After a very restful two days off, it was back to work. Dark clouds were looming, so I brought an umbrella and crossed my fingers that it wouldn't rain. Today turned out to be quite busy, which was a welcome change of pace from my usual hour-long sitting respites.

First thing in the morning (literally two or three minutes after I arrived at the office) it was off to the 21st Century Museum again with a young reporter named Mr. Serizawa. There were two new, temporary exhibits that we were examining: one on clocks, and one on a contemporary group of artists who were doing paintings of the Kanazawa area et. al.

The clock exhibit was rather eclectic. It had a mix of antique, vintage, and modern clocks. Many of the old ones had interesting mechanical movements: one was a dog whose eyes rolled individually to tell the hour and the minute, another was a vertical clock that had a mouse gradually hoisted up it until it reached 1 and then it fell back down (Hickory Dickory Dock, anyone?). There was a clock historian/restoration person there who explained lots of them to us in great detail--he also said that Illinois is apparently a great state for finding clocks on ebay. Go figure.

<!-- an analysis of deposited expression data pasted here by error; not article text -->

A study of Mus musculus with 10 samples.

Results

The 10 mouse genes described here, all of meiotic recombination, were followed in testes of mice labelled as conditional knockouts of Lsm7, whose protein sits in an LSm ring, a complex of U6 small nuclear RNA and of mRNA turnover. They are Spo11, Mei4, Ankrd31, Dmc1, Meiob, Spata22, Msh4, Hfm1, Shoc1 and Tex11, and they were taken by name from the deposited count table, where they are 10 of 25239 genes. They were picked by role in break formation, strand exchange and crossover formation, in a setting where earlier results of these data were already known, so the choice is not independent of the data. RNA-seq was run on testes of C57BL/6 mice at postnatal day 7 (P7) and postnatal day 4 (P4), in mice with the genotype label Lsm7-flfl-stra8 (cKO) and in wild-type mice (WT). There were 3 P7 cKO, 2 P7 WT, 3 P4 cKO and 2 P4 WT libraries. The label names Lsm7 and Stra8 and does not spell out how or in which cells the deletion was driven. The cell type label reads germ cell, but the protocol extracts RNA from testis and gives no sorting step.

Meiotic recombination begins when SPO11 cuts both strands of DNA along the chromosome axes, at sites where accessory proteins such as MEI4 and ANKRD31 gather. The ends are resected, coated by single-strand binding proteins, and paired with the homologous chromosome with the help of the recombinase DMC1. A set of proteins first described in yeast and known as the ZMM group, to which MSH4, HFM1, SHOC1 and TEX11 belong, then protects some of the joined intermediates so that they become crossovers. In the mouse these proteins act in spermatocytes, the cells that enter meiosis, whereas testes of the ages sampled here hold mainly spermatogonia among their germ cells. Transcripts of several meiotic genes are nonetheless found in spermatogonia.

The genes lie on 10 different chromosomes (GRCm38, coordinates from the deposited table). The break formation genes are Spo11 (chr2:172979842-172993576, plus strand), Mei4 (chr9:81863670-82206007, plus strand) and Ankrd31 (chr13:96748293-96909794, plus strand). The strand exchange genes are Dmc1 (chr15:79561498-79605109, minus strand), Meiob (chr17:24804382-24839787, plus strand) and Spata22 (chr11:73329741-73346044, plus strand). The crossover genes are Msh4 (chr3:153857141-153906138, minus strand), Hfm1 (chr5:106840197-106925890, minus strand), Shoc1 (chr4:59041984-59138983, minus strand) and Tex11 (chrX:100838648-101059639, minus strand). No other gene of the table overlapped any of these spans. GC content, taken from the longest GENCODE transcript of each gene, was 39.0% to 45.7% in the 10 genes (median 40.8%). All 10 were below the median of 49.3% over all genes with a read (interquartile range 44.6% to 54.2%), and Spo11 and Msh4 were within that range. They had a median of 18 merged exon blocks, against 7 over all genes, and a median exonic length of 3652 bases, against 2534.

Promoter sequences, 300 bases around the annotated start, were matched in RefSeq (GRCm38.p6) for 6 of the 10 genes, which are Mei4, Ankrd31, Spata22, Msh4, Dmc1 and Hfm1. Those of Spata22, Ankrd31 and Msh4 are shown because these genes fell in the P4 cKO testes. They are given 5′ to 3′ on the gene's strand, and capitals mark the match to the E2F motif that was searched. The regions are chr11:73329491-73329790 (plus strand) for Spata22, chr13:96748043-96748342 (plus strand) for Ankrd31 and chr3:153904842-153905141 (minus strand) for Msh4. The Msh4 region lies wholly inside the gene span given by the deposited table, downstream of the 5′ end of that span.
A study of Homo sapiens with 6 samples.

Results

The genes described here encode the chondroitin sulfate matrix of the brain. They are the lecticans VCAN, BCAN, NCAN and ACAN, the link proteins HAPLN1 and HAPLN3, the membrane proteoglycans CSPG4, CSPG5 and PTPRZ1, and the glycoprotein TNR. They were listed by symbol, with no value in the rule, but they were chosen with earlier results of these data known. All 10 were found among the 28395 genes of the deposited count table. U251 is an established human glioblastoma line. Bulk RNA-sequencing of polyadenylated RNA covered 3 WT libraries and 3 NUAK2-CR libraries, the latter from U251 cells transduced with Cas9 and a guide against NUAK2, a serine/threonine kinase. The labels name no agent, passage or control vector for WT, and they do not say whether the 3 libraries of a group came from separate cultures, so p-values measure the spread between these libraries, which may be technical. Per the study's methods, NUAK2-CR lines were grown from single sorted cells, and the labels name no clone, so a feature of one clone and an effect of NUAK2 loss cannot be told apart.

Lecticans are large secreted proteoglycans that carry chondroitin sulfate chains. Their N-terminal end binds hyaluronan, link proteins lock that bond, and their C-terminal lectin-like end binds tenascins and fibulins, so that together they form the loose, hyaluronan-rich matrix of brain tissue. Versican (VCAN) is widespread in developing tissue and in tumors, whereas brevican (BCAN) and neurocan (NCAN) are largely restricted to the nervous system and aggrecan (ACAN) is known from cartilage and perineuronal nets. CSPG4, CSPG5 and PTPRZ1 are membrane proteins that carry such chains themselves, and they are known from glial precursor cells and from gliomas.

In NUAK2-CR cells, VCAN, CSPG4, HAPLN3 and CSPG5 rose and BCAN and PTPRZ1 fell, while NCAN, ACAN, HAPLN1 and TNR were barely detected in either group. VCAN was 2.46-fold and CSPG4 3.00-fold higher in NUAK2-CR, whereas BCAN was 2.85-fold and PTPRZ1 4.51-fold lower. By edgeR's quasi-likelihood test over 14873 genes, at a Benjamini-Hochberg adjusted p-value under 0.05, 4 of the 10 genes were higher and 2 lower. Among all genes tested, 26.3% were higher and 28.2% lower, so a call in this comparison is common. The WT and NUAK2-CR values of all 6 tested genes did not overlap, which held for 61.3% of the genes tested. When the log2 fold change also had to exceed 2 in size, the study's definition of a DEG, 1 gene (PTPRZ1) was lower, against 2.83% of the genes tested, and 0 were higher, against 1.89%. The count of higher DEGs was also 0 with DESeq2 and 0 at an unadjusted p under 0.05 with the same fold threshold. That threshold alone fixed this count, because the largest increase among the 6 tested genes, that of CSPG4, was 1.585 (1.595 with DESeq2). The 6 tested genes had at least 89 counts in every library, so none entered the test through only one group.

This exhibit also had fake clocks made by kindergardens in the Kanazawa area, which were quite cute.



The second exhibit was a lot of landscape paintings. Sorta pretty; rather bland. Meh.


Here's the reporter I was with and one of the artists. He painted the thing behind them in Hokkaido. Reminded me of Monet.

After getting lunch, I returned to the office and got to relax for a little bit before going out with Ms Morita to a place that makes kiriko. These merit a little bit of explaining.


In Japan, there is a three-day period over the summer called Obon (its timing varies depending on where in Japan you life--in Kanazawa it's early July). At Obon, people return to their family grave to clean it and bring offerings--candles, incense, flowers, and kiriko. Kiriko are a Kanazawa thing--not found elsewhere in Japan. Couldn't tell you what they say on them, but visitors to a grave write their name on the blank space on the back and tie them to a bamboo pole that hangs around the grave. That way people can see who's visited etc. It's not bulky or expensive, so they're quite popular.

The factory was small, and we mostly just talked about the history of kiriko (they don't really know why they exist) and how many they sell (it's some huge number) and the number of places that make them (only two or three).

And that was it for my day. Instead of writing an article I just wrote a small account of what I did that day and any thoughts I had, mostly for the record than anything else. Then I was free to go!

Tomorrow I'm heading back to the curio coffeeshop to ask some follow up questions and then I'll edit the article I began on them. Should be relaxing.